By John Newsome on 25th July 2012

The advert for Barclays' tracker rate mortgages urges borrowers to 'take one small step'. Although hardly on a par with Neil Armstrong's efforts, Bob Diamond did exactly that in the wake of the bank's £290m fine for attempting to rig LIBOR. It is, without doubt, a sorry tale. A potent cocktail of power, laced with arrogance and garnished with insincerity but that's enough about the Commons Treasury Select Committee.


So, the aftermath of the 2008 crisis claims another scalp with both politicians and financial titans having fallen victim to electoral, regulatory and shareholder backlashes. However, there remains one place where reality, despite loudly banging on the door, rarely gains entry. We speak of the Eurozone, of course.


Benoit Coeure, executive board member of the European Central Bank, recently backed the buying of stressed sovereign bonds (Italian, Spanish etc.) by the European Financial Stability Facility in order to lower borrowing costs by artificial means. He opined that the high cost of borrowing currently being imposed on Italy and Spain was not a reflection of economic fundamentals but "the anxiety of market participants as regards the course of political decisions to be taken". Mmmm ……. with that level of optimism, if the day job goes phut, he may fancy becoming head of I.T. at Royal Bank of Scotland.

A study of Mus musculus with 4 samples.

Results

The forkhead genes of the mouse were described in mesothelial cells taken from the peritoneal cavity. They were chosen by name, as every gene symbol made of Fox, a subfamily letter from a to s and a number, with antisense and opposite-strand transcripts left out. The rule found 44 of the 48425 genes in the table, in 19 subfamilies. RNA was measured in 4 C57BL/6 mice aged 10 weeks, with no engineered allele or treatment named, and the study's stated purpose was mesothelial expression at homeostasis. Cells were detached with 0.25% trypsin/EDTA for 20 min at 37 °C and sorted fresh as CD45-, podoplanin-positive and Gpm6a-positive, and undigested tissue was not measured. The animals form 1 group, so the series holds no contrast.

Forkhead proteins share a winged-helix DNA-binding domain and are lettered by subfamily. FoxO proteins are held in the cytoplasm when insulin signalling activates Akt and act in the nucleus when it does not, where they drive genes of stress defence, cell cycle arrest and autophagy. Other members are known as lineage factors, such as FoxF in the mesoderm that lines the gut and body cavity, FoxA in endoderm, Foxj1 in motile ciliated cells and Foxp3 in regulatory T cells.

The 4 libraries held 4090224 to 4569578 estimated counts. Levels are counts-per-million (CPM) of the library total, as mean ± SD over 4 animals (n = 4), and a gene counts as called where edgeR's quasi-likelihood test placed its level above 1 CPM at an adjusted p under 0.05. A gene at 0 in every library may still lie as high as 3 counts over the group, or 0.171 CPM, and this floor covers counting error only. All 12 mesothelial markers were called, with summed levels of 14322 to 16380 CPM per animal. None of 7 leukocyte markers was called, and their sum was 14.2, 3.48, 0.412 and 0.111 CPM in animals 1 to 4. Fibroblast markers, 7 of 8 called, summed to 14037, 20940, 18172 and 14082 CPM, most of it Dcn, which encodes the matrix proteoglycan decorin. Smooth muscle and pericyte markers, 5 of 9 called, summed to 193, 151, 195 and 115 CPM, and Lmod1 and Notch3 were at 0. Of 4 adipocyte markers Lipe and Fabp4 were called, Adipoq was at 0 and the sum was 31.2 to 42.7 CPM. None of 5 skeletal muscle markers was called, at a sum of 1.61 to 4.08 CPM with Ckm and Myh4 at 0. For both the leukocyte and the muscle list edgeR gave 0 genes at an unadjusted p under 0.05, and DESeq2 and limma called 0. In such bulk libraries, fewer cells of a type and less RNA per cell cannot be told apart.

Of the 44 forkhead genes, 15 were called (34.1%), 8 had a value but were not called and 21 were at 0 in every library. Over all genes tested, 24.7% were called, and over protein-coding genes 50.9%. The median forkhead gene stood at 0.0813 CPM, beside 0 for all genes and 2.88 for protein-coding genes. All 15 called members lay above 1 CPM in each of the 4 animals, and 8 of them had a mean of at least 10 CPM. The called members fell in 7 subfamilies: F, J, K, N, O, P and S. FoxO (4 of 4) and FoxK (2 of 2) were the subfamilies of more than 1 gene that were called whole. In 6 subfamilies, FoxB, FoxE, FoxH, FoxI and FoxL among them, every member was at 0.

Chancellor Merkel seems to understand the situation, though. In response to calls for common Eurozone bonds, unsurprisingly favoured by France, Italy and Spain, she responded "not as long as I live". 'Nein' would have sufficed but there can be no misunderstanding that Merkel has no interest in shouldering the liabilities of the continent's reprobates; at least not without substantial German input into such states' fiscal policies. It is difficult enough to imagine Rome or Madrid accepting that but Paris? Even Jimmy Carr's accountant couldn't swing that one.


Despite endless summits, the problems of the Eurozone remain. In truth, they are insolvable under the current arrangements. There are now only two courses for the currency bloc to take. The Eurozone shrinks to a core of nations which have sufficiently similar economies and fiscal discipline to make a success of a single currency; by definition, this means certain countries leave and return to their own currencies. Alternatively, the Eurozone takes integration to its logical conclusion with full fiscal union.


No doubt those responsible for creating this mess will have no shame in advancing the latter argument as it would transfer even more power to the centre. It is more than a blessing the UK retained Sterling despite much propaganda extolling the virtues of a single currency at the end of the 1990s. Calls for Britain to adopt the Euro may seem ridiculous now but original proponents still don't appear willing to concede. Lord Mandelson said recently "The Euro isn't a failed project". Small wonder he allegedly couldn't tell the difference between guacamole and mushy peas.